A sweeping, emotionally riveting first novel—an enthralling family saga of Africa and America, doctors and patients, exile and home.
Marion and Shiva Stone are twin brothers born of a secret union between a beautiful Indian nun and a brash British surgeon at a mission hospital in Addis Ababa. Orphaned by their mother’s death in childbirth and their father’s disappearance, bound together by a preternatural connection and a shared fascination with medicine, the twins come of age as Ethiopia hovers on the brink of revolution.
Yet it will be love, not politics—their passion for the same woman—that will tear them apart and force Marion, fresh out of medical school, to flee his homeland. He makes his way to America, finding refuge in his work as an intern at an underfunded, overcrowded New York City hospital. When the past catches up to him—nearly destroying him—Marion must entrust his life to the two men he thought he trusted least in the world: the surgeon father who abandoned him and the brother who betrayed him.
An unforgettable journey into one man’s remarkable life, and an epic story about the power, intimacy, and curious beauty of the work of healing others.
Where do I start with my review? I love this amazingly huge chunkster – the writing is simple yet beautiful, the story very local to Ethiopia, but at the same time, it is universal enough to appeal to a global audience.
The best part of the story is the gradual unfolding of the back stories of all the key protagonists in the story. I loved reading about the pasts of Thomas Stone and Sister Mary Joseph Praise in Madras, India, a city I grew up in, but which is now industrialized and a far cry from the pre-independence era Madras. I loved how the story leisurely moves from Madras to Ethiopia, and I loved learning a bit about that country’s history. Before reading this book, I knew next to nothing about Ethiopia, and I welcomed the chance to learn and read about that country through this book. Isn’t that what reading is all about? Opening new worlds to explore sitting in the comfort of your own home?
Note that I describe this book with the adjectives gradual and leisurely…you know what it means right? This is a slooow read. It took me almost a month reading this book. It’s a big book, and it’s a book that you need to take your time with. It’s not the thrilling, gripping read that keeps you up all night fretting about the plot.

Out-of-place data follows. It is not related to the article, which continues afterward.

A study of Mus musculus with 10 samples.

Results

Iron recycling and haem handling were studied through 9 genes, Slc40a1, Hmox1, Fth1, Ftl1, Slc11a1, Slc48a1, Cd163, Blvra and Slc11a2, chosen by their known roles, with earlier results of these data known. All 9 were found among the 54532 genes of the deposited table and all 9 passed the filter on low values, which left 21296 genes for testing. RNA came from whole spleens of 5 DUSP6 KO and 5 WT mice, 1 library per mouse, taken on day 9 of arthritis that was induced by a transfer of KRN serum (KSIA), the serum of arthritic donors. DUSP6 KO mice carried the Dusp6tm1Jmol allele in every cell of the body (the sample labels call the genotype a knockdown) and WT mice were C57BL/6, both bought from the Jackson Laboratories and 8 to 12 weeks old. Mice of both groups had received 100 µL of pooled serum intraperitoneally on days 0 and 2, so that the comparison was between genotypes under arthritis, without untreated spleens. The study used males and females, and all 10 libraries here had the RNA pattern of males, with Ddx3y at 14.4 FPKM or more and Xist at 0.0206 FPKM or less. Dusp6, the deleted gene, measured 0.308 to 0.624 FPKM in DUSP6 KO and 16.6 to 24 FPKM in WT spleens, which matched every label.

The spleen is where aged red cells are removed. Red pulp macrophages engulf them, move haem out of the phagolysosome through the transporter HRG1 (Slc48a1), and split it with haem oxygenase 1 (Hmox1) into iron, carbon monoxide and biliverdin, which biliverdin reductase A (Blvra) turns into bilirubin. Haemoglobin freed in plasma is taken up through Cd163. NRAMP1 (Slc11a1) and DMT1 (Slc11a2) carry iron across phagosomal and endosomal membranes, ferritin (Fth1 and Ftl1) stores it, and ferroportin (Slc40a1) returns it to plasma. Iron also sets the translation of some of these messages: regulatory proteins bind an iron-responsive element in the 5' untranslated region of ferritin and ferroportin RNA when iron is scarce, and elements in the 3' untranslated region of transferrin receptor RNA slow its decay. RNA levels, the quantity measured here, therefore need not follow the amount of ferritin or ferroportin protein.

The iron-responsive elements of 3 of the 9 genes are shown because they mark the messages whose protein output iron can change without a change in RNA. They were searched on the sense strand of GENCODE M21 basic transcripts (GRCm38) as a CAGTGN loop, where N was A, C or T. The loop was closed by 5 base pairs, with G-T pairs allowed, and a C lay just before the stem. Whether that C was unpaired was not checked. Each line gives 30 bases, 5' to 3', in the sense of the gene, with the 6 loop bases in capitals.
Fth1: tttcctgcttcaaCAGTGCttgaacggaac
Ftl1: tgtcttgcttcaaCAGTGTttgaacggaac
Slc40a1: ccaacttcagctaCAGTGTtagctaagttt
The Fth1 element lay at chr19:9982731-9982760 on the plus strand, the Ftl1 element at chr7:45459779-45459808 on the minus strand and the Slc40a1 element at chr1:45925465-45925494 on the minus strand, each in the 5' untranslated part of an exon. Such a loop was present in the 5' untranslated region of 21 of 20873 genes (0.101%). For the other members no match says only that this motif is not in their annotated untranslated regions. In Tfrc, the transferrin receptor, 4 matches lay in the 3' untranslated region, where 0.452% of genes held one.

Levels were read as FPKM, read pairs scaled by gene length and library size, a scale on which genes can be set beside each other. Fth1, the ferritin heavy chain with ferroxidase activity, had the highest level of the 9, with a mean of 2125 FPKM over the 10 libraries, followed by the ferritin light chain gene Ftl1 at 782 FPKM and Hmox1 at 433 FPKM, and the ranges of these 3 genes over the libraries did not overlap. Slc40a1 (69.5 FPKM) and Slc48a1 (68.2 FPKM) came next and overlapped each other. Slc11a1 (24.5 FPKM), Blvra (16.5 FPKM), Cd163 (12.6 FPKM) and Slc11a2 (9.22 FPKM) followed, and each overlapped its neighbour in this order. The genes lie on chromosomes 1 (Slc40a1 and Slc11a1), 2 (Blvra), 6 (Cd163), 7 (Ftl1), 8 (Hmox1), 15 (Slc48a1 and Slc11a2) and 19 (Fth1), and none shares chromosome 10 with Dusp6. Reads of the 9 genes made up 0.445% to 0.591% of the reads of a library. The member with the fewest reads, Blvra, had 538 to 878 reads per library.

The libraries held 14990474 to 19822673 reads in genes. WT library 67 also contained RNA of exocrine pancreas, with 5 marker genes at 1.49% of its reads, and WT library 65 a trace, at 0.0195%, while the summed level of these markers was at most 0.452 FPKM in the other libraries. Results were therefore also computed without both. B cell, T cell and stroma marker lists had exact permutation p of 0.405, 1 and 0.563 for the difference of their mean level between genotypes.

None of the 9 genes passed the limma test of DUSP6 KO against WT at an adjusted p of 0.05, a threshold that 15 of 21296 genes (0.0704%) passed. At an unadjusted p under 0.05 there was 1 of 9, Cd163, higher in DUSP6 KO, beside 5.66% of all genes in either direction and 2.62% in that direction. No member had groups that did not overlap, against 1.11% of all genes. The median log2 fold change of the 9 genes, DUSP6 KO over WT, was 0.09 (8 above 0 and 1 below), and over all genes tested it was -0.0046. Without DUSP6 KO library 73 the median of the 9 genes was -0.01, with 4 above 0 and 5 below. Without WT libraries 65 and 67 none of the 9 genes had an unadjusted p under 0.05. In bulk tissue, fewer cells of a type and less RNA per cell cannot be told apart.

What it is though, is one of those genuinely old-fashioned family sagas – it’s not a typical family, but it’s a family saga just the same. It’s also a book where medicine plays a huge part. The entire story is set in hospitals and all the main characters are doctors or nurses, or other such medical staff with the result that there is a lot of medical jargon, medical history, references to medical textbooks, and such that weighed the book down in places. I could have done without a lot of this jargon, considering I am squeamish when it comes to these things.
Another aspect that could have been better was the characterization of some of the people. The story is told through the voice of Marion Stone – one of the twins, but he is really quite a flat and rather boring character. He falls milkily in love with Genet who uses him all the time, and finally betrays him in a particularly hurtful way. I hated it that in spite of the betrayal, he still helped her time and time again, and allowed himself to be abused like that.
Genet also is a royal pain. Her characterization is quite bad, and pretty one-sided. I could not find any positive quality in her whatsoever, and just couldn’t understand Marion’s obsession with her.
The biggest disappointment though is Shiva – Marion’s twin brother. He is discussed very briefly. What little we learn about Shiva is through Marion’s eyes. We never get to hear his side of the tale at all. That’s a real pity because he’s one of the most interesting characters I’ve read recently, and it was a bit frustrating reading about him in bits and pieces. I kept reading on to find out more about Shiva and also a possible faceoff between him and Marion, but that never happened at all. The finale was another kind of denouement and although I didn’t like it at that time, I think I can appreciate the ending now that some time has gone by after I finished the book.
The best-written characters are Hema and Ghosh, the twins’ parents, and I love how brave, and big-hearted they were. The best bits in the book deal with the love story between Ghosh and Hema, and the way they build their life together in Ethiopia. The sections on Ghosh’s illness and his dying days are really poignant and well-written. When he dies, a lot of the joyfulness and life in the book dies with him.
Overall, this book is worth reading just for the sake of Ghosh and Hema, and their relationship with these boys, and the beautiful and unique setting of Addis Ababa in Ethiopia. Lovely, touching read.
I am including this book as the first book of 2013 for the Indian Quills Reading Challenge
Thanks to Random House for sending me a copy of this book to read and review.